Marijuana carries risks with health benefits
Q. I heard that marijuana helps glaucoma. I’d like to try it, but won’t I get in trouble?
Marijuana can help your glaucoma, and it could get you in trouble because there are legal restrictions upon its use. If you are interested in trying medical marijuana for your glaucoma, discuss this treatment with your doctor.
(I could write an entire column on the marijuana laws, but I’ll stick to the health issues.)
Marijuana refers to the parts of the cannabis sativa plant, which has been used for medicinal purposes for more than 4,800 years. Doctors in ancient China, Greece and Persia used it as a pain reliever and for gastrointestinal disorders and insomnia.
Cannabis as a medicine was common throughout most of the world in the 1800s. It was used as the primary pain reliever until the invention of aspirin.
Marijuana contains at least 60 chemicals called cannabinoids. THC is the main component responsible for marijuana’s mind-altering effect. Marinol (dronabinol), a prescription drug taken by oral capsule, is a manmade version of THC.
One of THC’s medical uses is for the treatment of nausea. It can improve mild to moderate nausea caused by cancer chemotherapy and help reduce nausea and weight loss in people with AIDS.
Older people, especially those with no marijuana experience, may not tolerate THC’s mind-altering side effects as well as young people. Doctors generally prescribe several kinds of newer antinausea drugs with fewer side effects before resorting to Marinol.
Glaucoma increases pressure in the eyeball, which can lead to vision loss. Smoking marijuana reduces pressure in the eyes. Your doctor can prescribe other medications to treat glaucoma, but these can lose their effectiveness over time.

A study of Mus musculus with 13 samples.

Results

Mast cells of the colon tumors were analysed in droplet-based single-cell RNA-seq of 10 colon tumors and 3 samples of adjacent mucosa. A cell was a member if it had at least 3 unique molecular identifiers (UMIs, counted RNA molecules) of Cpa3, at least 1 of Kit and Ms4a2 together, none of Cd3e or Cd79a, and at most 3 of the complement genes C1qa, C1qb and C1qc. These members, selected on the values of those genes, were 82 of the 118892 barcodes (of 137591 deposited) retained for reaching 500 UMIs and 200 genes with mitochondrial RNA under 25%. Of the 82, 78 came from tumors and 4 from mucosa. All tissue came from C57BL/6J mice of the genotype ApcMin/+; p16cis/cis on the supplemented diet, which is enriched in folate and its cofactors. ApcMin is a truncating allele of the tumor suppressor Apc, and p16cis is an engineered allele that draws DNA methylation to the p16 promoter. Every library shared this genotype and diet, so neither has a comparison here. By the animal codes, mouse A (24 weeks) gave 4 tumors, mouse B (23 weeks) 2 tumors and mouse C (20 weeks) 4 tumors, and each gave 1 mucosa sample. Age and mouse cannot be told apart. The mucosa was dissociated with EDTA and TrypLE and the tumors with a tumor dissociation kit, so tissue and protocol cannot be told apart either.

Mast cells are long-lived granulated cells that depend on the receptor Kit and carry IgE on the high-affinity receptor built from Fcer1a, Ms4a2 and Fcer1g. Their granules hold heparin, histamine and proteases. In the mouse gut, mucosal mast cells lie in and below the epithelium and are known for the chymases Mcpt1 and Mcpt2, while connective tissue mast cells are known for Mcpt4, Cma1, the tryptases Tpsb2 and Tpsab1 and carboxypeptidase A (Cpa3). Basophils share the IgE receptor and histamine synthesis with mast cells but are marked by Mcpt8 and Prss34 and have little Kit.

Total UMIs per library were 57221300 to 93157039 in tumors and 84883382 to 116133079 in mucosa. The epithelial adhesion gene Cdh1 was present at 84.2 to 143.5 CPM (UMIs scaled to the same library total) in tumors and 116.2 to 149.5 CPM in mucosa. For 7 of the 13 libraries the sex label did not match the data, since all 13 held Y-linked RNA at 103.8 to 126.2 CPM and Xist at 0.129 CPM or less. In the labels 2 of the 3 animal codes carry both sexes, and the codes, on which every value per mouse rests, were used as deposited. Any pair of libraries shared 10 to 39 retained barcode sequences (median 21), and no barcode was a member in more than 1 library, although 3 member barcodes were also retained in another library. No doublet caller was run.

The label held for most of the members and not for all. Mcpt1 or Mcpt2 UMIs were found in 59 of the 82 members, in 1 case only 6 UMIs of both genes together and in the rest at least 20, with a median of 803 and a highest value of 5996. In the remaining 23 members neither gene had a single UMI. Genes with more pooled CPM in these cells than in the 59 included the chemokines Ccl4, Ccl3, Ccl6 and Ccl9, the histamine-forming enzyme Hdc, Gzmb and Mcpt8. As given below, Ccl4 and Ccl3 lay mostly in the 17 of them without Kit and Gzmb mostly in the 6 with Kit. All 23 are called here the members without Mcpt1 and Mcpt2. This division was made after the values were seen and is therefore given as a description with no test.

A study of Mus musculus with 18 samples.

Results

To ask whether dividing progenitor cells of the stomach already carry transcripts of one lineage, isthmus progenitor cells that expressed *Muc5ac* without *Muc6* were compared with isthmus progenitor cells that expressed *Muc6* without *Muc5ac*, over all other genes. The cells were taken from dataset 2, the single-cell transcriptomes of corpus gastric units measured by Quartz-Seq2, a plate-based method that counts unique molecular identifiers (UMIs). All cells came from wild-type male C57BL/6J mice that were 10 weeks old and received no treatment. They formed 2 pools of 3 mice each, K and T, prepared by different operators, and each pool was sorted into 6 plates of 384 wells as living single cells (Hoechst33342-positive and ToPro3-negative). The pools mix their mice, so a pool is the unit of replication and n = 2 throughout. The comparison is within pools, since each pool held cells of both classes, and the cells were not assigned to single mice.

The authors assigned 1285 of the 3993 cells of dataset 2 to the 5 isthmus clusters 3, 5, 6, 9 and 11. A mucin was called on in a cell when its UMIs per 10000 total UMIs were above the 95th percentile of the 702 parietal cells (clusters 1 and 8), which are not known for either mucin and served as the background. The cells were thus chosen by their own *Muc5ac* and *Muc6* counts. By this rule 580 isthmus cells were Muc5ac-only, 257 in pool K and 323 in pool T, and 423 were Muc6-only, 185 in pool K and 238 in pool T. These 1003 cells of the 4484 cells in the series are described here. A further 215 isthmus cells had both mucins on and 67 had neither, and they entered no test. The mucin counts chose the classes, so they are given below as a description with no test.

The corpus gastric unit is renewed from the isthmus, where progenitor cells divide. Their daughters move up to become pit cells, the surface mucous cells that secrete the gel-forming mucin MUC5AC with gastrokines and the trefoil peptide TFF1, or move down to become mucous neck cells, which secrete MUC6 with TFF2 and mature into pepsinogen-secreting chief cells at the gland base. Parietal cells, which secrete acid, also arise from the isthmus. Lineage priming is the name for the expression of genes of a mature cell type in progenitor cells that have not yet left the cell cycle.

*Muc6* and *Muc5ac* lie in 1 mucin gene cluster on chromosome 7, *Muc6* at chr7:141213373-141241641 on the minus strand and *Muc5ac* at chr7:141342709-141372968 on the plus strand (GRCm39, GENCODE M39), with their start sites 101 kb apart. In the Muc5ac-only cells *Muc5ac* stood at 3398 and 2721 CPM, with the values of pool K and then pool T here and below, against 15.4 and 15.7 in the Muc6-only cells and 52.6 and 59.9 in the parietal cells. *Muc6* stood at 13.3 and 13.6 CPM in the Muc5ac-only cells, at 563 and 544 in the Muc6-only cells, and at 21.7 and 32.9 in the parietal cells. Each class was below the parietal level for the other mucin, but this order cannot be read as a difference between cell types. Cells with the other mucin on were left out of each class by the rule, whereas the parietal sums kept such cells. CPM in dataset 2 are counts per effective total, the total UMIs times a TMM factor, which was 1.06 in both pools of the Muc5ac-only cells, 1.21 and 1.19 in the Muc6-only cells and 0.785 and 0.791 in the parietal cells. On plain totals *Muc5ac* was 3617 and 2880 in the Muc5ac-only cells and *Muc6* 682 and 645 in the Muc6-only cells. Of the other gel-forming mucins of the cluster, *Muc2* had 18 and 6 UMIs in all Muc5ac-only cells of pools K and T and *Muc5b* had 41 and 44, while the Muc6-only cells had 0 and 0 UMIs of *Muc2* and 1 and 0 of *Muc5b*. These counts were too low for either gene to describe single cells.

Researchers are trying to develop new medications based on cannabis to treat pain. THC may work as well in treating cancer pain as codeine. A recent study found that cannabinoids significantly reduced pain in people with multiple sclerosis, a disease of the nervous system.
Along with the legal implications of smoking marijuana are the health problems such as memory impairment, loss of coordination and the potential for withdrawal symptoms and hallucinations. And, inhaling marijuana smoke exposes you to substances that may cause cancer.
One study has indicated that the risk of heart attack more than quadruples in the first hour after smoking marijuana. The researchers suggest that a heart attack might be caused by marijuana’s effects on blood pressure, heart rate and the capacity of blood to carry oxygen.
Fred Cicetti is a freelance writer who specializes in health. He has been writing professionally since 1963. Before he began freelancing, he was a reporter and columnist for three daily newspapers in New Jersey. If you would like to ask a question, write to email@example.com.